TEMPE, AZ — Even in her own home, Donna Taylor expected to be left out of the conversation.
The 84-year-old Tempe woman who is deaf, was prepared to communicate with ABC15 through pen and paper, because that's normally what she must do in the hearing world.
"I always have my pen and paper ready," she told ABC15. "Because I often have to write back and forth. Sometimes people don't understand sign on. Sometimes when I do write, they can't even read, and they have to find somebody else to communicate with me."
Instead, ABC15 came with an interpreter to speak her language: American Sign Language. It's a necessity for people who are deaf that is often treated as a luxury by people who can hear.
Taylor said the ability to communicate during everyday tasks with people who are hearing has improved throughout her lifetime, but it is far from perfect.
Doctor's appointments, for example, are a recurring challenge in the availability of ASL interpreters.
"Every once in a while, a nurse will come out and say, 'We don't have an interpreter today,'" Taylor said. "Which has made for a waste of time I'd have traveled there. I have to reschedule and come back and then just hope that there's an interpreter that time."
She said, in less formal situations, it is sometimes a challenge to even get people to communicate through writing.
"Even if you try to let them know the struggle that you're having, they just keep going with what they're comfortable with. Sometimes I would just have to walk away. Not always, but that's probably the most challenging," Taylor described.
The coronavirus pandemic has made communication even more challenging with masks. People who are deaf or hard of hearing sometimes attempt to read lips to understand what is being said.
"I have to pull it down. You try to talk and you can't understand each other. And then you just end up pulling the mask off anyway, so that you can see each others' lips. It's not easy," Taylor said.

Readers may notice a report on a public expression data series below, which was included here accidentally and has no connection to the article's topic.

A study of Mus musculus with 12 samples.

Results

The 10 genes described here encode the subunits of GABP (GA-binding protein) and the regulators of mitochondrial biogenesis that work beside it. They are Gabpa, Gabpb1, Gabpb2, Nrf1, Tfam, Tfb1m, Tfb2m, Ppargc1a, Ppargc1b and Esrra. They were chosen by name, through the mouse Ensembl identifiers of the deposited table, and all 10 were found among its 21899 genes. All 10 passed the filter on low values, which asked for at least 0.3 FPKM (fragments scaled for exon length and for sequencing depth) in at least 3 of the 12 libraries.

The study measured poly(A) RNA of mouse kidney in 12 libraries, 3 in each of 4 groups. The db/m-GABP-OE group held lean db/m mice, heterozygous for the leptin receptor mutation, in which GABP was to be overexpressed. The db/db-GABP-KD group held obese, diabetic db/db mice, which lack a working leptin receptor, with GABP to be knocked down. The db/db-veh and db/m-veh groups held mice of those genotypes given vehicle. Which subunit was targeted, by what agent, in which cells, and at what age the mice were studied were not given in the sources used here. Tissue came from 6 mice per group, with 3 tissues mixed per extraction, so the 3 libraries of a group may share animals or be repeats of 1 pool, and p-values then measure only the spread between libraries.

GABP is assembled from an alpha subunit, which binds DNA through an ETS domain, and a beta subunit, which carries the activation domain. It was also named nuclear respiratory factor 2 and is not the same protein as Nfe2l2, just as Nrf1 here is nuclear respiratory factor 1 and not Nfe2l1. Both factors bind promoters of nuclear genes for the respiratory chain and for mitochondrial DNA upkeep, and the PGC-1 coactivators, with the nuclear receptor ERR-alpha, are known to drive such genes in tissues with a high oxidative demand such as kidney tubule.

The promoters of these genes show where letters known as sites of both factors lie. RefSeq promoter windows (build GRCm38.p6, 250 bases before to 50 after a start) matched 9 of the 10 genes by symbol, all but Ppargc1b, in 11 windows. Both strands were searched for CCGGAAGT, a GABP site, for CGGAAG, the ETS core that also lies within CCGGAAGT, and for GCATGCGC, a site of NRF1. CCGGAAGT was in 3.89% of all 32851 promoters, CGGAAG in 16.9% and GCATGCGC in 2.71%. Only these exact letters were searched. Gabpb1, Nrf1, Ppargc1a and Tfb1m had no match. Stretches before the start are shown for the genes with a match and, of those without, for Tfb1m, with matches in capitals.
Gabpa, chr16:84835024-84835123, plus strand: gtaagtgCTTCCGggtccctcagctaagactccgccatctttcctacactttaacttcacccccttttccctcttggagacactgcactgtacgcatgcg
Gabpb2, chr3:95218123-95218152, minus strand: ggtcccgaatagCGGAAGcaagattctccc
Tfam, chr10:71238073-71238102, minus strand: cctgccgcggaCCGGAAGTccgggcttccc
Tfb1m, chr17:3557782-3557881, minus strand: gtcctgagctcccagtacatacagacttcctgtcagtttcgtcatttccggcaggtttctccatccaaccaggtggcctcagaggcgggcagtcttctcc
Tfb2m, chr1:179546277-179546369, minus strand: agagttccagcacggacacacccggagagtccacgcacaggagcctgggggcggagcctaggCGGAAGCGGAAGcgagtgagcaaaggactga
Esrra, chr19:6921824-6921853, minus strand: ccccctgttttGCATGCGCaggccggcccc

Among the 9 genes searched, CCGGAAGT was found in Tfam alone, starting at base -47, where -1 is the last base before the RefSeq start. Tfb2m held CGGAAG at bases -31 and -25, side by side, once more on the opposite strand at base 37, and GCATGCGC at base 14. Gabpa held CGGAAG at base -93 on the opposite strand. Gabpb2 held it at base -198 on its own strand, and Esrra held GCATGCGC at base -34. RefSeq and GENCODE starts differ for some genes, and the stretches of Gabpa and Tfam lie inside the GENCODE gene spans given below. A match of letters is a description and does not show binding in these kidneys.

More than 1.1 million Arizonans are deaf or hard of hearing, according to the Arizona Commission for the Deaf and Hard of Hearing.
"We're an invisible community," said Sherri Collins, ACDHH Executive Director. "You don't know that we're deaf or hard of hearing until you encounter us."
Collins, who describes herself as profoundly deaf, has headed the commission for many years and said its mission is to increase accessibility to communication.
"We're constantly out there educating the general public about our community, offer our expertise, to be a partner, offer be part of the solution," she said.
That expertise was especially important during the pandemic.
"Even in government, agencies still are not fully accessible. So we have to remind them, 'Don't forget about our community as well.' Because English is not the first language," Collins said.
Access goes beyond an interpreter.
Collins said accurate closed captioning, ASL, and transcripts for events online are important in providing equal access to information.
"If a hearing person can get that information services, then make sure our community included. That's it. Be inclusive," she said.
That inclusion is built into Taylor's apartment complex, Apache ASL Trails in Tempe. It is the only community that caters specifically to seniors who are deaf.
"It feels like a big family with a great support system. If I didn't have it, I would feel really lonely," Taylor said.
A safe space where she is understood. No pen or paper needed.